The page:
Reader says ‘thanks’ for addressing mental health issues
Kevin Kluesner, St. Joseph
Thank you for publishing two articles and a letter to the editor about mental illness, Nov. 15.
My family has suffered from the suicides of my sister, Amy, 22, in 1985; and my brother, Michael, 38, in 1997. For the past 28 years my parents, Al and Mary, have worked in many capacities to educate the public to prevent suicides and lessen the stigma of mental illness. Unfortunately, the rate of suicide has not declined since my sister’s death. However, I believe as a society we have made progress in lessening the stigma of mental illness. Organizations like www.nami.org, www.makeitok.org, www.afsp.org (American Foundation for Suicide Prevention) and www.save.org (Suicide Awarness Voices of Education) are doing important work. Mike Stringer and Wendy and Steve Hennes are to be commended for their efforts. God bless them.
Reader celebrates public education after attending reunion
Nancy Streng, St. Joseph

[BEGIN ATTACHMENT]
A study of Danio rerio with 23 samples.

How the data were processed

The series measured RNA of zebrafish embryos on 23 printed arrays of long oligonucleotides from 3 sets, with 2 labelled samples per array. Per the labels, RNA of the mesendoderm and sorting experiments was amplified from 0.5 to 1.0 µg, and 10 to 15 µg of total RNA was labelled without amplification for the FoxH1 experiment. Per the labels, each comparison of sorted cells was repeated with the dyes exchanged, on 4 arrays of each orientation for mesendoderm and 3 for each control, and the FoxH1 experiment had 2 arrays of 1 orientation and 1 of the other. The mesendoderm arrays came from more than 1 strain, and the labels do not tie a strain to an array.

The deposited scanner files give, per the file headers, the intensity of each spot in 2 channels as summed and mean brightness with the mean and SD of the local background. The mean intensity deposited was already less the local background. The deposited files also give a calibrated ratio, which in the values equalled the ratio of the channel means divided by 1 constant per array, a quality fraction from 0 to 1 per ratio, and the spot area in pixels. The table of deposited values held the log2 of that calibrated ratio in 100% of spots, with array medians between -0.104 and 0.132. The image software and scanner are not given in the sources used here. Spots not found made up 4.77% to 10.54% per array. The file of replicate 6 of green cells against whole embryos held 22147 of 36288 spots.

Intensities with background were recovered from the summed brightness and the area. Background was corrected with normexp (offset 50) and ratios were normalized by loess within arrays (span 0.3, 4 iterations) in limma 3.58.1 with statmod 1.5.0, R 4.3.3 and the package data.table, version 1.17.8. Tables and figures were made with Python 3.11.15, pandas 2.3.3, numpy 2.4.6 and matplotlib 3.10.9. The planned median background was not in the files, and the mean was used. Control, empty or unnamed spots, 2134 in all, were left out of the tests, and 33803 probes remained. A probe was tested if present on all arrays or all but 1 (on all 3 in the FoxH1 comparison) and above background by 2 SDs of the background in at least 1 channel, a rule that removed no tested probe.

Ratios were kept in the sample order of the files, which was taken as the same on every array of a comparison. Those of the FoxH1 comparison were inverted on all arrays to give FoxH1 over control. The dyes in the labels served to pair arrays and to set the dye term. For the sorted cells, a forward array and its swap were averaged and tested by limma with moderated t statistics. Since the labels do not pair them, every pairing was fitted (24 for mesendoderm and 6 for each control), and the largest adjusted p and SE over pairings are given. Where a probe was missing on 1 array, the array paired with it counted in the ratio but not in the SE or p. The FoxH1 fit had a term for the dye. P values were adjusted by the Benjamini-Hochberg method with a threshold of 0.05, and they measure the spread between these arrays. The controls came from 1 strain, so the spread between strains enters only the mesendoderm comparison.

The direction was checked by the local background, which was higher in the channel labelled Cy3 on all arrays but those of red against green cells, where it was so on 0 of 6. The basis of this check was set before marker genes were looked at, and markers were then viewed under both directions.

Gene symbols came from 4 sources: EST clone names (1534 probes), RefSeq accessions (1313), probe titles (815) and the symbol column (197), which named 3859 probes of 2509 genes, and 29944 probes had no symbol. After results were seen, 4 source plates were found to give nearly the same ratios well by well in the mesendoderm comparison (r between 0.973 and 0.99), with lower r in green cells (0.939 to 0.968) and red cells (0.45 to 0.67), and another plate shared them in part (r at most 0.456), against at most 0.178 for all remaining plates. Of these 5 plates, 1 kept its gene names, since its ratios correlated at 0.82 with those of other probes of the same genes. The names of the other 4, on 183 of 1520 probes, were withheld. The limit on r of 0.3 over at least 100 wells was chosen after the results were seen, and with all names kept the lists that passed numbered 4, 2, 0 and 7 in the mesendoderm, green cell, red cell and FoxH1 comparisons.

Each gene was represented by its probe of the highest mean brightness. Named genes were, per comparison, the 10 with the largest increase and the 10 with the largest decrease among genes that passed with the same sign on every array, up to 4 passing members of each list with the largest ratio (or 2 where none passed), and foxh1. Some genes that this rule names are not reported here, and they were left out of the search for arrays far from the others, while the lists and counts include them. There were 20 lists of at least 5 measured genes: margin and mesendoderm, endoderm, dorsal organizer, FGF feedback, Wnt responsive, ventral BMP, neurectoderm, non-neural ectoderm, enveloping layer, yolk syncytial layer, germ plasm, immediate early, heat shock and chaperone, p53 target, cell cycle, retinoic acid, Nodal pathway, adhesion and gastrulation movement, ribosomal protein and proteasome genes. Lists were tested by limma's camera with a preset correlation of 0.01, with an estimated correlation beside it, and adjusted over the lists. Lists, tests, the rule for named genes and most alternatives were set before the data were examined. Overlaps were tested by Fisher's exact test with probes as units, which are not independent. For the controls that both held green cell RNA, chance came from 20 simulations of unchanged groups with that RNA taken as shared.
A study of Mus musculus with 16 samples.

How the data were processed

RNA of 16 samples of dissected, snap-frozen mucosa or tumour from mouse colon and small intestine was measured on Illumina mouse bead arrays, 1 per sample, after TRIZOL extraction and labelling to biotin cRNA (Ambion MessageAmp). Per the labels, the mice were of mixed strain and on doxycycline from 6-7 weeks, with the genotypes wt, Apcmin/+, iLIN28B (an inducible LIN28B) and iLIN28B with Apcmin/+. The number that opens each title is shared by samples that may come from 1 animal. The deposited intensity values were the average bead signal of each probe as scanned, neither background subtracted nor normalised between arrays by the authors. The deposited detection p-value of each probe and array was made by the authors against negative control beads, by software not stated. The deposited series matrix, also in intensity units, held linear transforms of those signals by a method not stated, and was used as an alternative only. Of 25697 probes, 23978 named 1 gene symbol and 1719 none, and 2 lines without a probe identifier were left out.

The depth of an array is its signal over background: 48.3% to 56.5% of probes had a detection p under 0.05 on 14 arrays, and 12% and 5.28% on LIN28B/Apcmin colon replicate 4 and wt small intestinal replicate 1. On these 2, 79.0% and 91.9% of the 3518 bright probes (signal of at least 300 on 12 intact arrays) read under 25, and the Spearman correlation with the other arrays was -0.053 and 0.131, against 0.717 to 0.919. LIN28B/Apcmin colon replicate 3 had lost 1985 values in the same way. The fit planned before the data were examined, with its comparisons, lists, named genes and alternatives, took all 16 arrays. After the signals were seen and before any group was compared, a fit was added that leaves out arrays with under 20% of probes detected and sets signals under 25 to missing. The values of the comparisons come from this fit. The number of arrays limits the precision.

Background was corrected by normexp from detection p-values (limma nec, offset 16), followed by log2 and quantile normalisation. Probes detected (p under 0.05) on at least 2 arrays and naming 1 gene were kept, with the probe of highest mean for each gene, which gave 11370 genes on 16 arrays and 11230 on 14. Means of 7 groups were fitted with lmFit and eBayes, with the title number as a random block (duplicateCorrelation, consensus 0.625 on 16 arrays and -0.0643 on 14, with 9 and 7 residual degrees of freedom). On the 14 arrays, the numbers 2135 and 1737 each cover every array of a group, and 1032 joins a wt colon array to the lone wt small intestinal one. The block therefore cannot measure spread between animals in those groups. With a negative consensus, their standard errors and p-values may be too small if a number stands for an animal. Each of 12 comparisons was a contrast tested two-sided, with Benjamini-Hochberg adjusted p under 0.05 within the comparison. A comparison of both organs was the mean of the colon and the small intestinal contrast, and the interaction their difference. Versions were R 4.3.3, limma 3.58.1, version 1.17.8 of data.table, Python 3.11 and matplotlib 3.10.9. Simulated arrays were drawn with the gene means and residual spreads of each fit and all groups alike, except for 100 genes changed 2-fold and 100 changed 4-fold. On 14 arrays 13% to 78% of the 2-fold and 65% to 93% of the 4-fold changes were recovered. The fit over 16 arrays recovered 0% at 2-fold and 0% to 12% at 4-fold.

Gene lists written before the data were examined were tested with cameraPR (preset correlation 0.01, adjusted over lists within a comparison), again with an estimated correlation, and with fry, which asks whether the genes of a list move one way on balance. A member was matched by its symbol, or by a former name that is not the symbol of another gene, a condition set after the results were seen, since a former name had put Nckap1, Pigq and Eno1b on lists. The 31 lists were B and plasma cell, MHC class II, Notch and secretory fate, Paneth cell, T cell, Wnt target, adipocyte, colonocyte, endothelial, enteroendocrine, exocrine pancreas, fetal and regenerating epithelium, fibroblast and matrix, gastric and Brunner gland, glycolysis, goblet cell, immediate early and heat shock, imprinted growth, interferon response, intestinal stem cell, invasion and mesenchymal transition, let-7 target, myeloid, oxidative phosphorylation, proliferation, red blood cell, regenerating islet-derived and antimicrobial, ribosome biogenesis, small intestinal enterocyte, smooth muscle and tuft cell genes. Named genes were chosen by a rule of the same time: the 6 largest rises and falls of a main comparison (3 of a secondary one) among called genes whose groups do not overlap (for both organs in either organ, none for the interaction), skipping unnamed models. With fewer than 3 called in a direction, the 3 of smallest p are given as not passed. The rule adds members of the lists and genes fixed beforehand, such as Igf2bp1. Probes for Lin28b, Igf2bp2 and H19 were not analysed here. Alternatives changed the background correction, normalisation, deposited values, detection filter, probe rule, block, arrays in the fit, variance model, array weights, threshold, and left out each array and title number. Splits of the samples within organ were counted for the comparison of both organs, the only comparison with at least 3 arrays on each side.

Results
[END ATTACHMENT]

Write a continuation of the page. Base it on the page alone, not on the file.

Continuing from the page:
This summer I, as many others do at predictable five-year intervals, attended my high school class reunion. I went to connect with past friends but also to meet others I didn’t know very well even though we occupied the place at the same time in our shared history. At one point in the evening, someone gathered my high school classmates into elementary school cohorts to be photographed. I noticed the fun people had remembering elementary school even though each person’s path, following elementary school, was very different. Some of the elementary school cohorts were huge but when my cohort was called only two of us were present. Still, a respectable turn out considering there were only five in my class at the tiny country elementary school where I attended. In fact, the enrollment for my entire elementary school was only 60 students! As I left the reunion, I was thankful for many things – friends, memories, but mostly public education. I was quieted by thoughts of where I would be, today, if not for public education. Where else, but in America, can a child from even remote and obscure places still receive a free and appropriate education? American Education Week is officially celebrated for one week, every year, in November, but I, for one, celebrate daily.